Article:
A design to transform a busy waste recycling centre in Slough into a green oasis has won the second Green Infrastructure Challenge, held by the Chartered Institution of Building Services Engineers (CIBSE) and the ARCC Network.

The winning team, led by Louise Handley of environmental services company Amey, demonstrated an ambitious plan to re-model the fabric and landscape of Chalvey Recycling Centre in Slough to accommodate new staff and departments whilst also dramatically improving energy efficiency, wellbeing and reducing the flood risk.

The building dates from the 1980s, and suffers from overheating in the summer as well as poor air quality due to its industrial surroundings. It also sits on a floodplain, which threatens this building and surrounding residential and retail buildings.

Amey’s solution proposes a radical re-design of the entire premises that makes extensive use of ‘living walls’ and other plant material such as vertical farming and green roofs to naturally shade from the sun and cool the building internally – as well as retaining heat in winter. The green elements within the building are designed to have a number of positive effects on wellbeing; including improving indoor air quality, encouraging occupant engagement with greenery and reducing wind speed in an exposed site.

The second strand to the plan involves changes to the external environment, with the addition of several rain gardens that are designed to catch and arrest rainfall to prevent it overloading a nearby stream. Secondary benefits include their potential as windbreaks, their positive impact on air quality and shading, as well as the wellbeing benefits associated with green spaces.

Challenge winner Louise Handley of Amey said: “This design challenge was a felicitous opportunity for us to experiment with ideas for improving the existing offices, whilst considering how future development of the building and site could incorporate GI measures and new technology, such as the Plant-e products, as new or retrofitted elements.  We have enjoyed taking part and are delighted to be chosen as the winners.”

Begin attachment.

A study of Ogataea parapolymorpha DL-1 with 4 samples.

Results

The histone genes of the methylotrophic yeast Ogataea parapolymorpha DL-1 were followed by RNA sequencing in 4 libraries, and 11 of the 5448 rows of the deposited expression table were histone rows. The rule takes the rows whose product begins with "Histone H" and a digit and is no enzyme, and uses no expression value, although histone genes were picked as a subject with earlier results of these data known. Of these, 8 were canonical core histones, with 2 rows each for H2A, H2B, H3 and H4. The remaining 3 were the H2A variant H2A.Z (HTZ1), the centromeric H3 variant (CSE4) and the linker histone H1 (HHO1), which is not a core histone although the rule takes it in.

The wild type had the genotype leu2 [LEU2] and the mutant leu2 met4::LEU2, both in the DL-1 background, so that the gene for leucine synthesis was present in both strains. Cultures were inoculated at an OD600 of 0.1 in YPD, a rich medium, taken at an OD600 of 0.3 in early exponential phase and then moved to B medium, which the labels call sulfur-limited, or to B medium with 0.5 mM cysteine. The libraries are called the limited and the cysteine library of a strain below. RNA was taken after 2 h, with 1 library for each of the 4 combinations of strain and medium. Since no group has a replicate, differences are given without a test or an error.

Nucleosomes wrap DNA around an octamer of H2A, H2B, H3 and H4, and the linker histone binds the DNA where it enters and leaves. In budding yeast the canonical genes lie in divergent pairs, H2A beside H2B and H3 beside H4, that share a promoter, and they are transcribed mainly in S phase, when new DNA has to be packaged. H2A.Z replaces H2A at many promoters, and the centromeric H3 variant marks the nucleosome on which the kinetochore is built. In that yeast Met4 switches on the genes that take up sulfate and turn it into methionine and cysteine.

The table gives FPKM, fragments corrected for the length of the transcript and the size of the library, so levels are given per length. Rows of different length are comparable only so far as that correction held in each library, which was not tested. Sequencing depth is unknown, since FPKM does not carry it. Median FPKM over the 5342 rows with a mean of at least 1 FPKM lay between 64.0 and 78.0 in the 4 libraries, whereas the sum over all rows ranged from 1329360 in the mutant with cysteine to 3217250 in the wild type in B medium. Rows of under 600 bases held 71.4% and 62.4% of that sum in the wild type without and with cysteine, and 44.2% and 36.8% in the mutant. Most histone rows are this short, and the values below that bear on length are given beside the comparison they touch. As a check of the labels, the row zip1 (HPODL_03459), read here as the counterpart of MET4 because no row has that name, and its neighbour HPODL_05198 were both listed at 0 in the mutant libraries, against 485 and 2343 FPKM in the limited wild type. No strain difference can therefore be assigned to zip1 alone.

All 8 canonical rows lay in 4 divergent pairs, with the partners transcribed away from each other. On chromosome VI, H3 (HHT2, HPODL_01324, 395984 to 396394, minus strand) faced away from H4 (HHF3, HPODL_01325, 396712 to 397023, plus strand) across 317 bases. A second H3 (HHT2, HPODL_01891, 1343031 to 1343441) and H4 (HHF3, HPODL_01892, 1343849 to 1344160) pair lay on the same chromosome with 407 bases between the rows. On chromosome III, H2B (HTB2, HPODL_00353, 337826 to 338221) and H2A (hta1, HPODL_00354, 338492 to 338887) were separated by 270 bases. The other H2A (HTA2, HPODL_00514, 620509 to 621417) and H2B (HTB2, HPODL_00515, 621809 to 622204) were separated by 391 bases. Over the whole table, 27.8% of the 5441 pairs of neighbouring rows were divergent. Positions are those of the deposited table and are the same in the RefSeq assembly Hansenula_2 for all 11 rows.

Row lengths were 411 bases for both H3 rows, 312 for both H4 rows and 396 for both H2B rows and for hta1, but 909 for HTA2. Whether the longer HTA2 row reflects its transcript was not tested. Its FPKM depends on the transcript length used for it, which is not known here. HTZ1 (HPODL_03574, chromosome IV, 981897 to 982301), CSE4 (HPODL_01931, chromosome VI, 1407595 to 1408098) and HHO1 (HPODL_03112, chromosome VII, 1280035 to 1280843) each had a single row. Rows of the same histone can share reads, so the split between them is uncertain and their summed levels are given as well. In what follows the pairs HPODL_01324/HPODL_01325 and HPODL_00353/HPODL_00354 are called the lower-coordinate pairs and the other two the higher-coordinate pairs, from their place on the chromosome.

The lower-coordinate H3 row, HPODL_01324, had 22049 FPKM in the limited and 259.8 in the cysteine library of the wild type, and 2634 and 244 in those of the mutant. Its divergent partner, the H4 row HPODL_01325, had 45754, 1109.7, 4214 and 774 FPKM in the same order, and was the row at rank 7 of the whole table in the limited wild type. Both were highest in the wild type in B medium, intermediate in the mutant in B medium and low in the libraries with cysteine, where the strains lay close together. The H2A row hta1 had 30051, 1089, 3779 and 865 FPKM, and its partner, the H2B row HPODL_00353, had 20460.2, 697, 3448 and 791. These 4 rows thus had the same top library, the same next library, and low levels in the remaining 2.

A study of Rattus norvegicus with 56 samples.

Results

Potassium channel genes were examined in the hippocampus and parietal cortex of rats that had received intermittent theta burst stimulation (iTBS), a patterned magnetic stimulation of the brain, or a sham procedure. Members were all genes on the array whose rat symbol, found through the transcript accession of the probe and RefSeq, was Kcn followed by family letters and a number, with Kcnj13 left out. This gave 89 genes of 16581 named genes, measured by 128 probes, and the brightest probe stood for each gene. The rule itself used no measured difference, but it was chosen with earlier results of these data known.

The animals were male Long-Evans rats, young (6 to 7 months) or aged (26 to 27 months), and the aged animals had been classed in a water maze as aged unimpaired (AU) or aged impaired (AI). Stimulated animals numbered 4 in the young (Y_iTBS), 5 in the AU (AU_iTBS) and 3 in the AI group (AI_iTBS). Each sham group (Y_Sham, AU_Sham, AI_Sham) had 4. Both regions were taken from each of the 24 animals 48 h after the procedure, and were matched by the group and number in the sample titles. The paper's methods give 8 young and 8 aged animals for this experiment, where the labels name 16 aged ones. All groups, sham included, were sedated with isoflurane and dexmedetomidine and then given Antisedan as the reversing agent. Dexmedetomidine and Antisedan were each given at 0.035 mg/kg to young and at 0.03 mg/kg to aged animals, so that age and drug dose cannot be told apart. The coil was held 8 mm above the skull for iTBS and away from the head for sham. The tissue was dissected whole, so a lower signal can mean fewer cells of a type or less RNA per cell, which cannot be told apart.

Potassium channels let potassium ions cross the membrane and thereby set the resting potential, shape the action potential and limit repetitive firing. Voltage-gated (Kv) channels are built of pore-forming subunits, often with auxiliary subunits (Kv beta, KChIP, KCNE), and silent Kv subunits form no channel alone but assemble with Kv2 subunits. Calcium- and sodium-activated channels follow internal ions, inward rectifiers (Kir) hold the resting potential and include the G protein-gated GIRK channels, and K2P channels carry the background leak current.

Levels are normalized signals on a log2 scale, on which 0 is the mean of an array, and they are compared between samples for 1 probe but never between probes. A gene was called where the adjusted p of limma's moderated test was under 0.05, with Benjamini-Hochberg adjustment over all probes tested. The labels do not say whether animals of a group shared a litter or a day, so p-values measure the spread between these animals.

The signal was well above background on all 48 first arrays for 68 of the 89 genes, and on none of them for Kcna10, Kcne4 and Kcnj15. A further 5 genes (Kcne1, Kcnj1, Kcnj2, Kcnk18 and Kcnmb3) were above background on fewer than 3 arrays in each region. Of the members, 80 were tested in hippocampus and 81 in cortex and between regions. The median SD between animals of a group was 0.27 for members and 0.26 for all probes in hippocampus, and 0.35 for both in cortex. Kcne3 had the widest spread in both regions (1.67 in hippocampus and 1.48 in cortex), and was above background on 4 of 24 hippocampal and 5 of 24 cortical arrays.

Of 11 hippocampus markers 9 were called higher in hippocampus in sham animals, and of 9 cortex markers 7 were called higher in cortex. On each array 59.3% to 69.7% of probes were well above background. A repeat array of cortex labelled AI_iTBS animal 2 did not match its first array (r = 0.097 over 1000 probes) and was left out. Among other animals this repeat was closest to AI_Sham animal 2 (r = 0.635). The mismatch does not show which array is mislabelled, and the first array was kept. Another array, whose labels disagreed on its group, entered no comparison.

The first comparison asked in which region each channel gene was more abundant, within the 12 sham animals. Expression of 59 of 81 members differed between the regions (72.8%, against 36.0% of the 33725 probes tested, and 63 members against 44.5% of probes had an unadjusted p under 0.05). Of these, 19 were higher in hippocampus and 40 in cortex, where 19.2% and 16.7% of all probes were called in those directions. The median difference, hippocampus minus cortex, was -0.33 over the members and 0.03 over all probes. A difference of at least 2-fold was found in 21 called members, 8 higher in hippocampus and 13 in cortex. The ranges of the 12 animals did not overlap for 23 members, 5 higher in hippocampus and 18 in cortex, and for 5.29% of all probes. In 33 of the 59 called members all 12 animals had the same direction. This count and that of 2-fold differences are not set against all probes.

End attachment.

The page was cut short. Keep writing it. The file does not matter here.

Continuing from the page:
Organised by CIBSE and the ARCC Network, the competition invited teams to demonstrate creative designs that utilise indoor and outdoor green infrastructure, such as living walls to deliver operational solutions that enhance the office environment.

The Challenge aims to change the way that built environment professionals think about green infrastructure, and to demonstrate its potential as a way to contribute to improving indoor air quality, resilience to climate change and staff productivity. The Challenge culminated in an event exploring green infrastructure as a building service during Open City’s Green Sky Thinking Week, at Build Studios in London.

The runners up in the competition were Deependra Pourel, Bernadette Widjaja & Karan Patel from the University of Westminster, who applied the scientific principles of green infrastructure to the Clarence Building at London South Bank University to model the effects of changes including green roofs, living walls and green ceilings.